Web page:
I have been working as a software developer since college. In fact, my first job out of school (the summer before I began my MEd) was a contract build for the Secret Service's James J. Rowley Training Center (JJRTC). It was a Flash-based training module designed to let field agents meet their Automated External Defibrillator (AED) training requirement. It was very game-like. The user happened upon a person in cardiac distress and using an AED had to follow proper procedure to revive the individual. Actually now that I think about it, I guess my first "real job" after college was building a Flash video game for the U.S. Secret Service.
In addition to Anaces, I have occasionally worked on small contract builds: setting up Wordpress blogs, building custom websites and web apps... Anaces and my contract work helped pay some bills durring law school, and as with when I began teaching, the focus of my coding shifted after I started working with the law.
While a 3L in law school, I proposed the construction of an open source open-API software package (WeJudicate) for attorneys and courts. Recently, I have started to collect and code a few law-related items, mostly collections of linked resources.
In 2013 we disolved Anaces, driven in part by the pending birth of my son, and I'm happy to say we closed with all accounts in the black. Eight years, seven employees, thousands of lines of code... Happy times.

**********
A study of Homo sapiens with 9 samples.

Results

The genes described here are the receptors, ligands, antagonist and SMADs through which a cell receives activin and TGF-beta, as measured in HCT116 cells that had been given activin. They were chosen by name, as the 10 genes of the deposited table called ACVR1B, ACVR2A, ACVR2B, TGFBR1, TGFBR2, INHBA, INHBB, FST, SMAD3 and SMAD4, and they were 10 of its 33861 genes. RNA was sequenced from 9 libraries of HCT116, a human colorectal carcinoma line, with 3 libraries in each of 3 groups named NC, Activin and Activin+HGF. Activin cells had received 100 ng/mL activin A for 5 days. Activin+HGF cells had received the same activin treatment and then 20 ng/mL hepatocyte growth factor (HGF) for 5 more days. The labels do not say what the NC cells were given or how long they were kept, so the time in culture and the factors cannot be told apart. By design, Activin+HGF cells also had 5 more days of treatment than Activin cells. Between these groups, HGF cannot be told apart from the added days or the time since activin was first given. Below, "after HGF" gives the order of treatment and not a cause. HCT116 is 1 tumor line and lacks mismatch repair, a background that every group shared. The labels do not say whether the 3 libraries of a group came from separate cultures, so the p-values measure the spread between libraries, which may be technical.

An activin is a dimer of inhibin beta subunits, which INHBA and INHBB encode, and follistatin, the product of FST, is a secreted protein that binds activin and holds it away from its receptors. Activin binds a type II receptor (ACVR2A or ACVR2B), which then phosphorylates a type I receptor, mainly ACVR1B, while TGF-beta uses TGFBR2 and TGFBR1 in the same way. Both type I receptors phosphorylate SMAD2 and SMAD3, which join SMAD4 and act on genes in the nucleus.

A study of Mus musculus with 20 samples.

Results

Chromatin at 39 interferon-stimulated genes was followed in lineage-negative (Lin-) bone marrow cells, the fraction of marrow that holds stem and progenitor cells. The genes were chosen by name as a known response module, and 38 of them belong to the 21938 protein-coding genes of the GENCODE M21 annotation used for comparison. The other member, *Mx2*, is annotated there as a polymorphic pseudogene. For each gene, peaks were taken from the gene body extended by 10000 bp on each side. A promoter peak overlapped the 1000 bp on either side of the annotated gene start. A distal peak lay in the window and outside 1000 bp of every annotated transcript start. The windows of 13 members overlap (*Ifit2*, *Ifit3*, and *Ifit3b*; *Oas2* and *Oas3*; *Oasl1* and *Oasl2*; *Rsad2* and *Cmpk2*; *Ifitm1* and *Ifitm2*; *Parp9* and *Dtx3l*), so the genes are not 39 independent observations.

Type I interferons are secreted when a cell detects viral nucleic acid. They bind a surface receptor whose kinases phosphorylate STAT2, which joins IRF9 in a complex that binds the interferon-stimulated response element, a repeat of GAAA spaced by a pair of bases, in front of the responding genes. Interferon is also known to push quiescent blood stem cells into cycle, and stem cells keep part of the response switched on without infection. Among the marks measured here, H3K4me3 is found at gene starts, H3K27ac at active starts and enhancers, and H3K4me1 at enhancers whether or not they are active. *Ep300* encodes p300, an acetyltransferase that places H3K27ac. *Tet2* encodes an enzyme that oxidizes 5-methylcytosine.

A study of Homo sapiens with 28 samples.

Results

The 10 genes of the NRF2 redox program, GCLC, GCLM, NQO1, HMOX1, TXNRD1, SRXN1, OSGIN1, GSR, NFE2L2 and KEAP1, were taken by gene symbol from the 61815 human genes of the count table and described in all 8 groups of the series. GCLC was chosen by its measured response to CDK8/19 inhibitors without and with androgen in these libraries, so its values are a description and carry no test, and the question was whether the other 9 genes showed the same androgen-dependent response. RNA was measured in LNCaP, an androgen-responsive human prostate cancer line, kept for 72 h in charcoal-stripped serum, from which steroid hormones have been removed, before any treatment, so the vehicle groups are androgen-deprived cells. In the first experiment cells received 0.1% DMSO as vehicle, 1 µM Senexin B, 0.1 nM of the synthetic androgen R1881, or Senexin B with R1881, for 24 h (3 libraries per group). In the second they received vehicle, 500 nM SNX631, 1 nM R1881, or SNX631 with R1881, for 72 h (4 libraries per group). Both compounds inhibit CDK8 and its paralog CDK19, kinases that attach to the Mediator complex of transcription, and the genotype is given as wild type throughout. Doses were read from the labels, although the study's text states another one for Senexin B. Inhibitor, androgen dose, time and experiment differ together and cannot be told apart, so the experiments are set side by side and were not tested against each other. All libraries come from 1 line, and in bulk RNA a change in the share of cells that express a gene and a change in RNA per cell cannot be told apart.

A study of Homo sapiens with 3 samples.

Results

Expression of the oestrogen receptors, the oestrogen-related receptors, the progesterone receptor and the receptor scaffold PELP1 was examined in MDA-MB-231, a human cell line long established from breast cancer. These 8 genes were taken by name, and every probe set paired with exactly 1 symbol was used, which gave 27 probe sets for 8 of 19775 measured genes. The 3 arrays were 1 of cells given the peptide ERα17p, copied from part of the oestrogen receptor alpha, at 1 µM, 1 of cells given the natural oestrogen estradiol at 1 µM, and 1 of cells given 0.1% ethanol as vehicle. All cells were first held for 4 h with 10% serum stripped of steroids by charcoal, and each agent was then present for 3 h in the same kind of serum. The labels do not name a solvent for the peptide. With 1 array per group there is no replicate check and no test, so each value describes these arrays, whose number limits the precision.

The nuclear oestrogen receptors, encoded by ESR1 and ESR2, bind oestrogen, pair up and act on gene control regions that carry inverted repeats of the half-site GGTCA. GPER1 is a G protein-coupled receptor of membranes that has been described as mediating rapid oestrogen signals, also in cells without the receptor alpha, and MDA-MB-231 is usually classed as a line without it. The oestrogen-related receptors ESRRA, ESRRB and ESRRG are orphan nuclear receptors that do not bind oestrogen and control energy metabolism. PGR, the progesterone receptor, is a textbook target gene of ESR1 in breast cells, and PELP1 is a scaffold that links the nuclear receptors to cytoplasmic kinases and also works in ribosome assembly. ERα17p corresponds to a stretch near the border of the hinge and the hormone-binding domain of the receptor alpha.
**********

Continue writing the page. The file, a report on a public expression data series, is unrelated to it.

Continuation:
If you'd like to play with my work, the right column of this page showcases some of my favorites. Be sure not to miss the Wandering Stars, and enjoy.
Hackathon's aren't just for Silicon Valley. Lawyers, from public defender's to BigLaw, benefit, too.
An open source markup language for people with little or no programming experience, QnA can be used to make stand-alone expert systems or in the aid of rule-based document construction.
An app that helps solve common introductory mechanics problems, consider it training wheels for learning mechanics.
Letting teachers & students create and observe their own solar systems.
An on-line tool and database for running quiz bowl practice rounds in accordance with National Science Bowl rules.
A collection for when you're in court: links, resources re-formated for mobile, and interactive aids I call guesstimators. I'm always looking for new material. So give it a look, and drop me a suggestion.
Helping provide "justice for all" by building a suite of open source-open API tools for the courts and legal practitioners.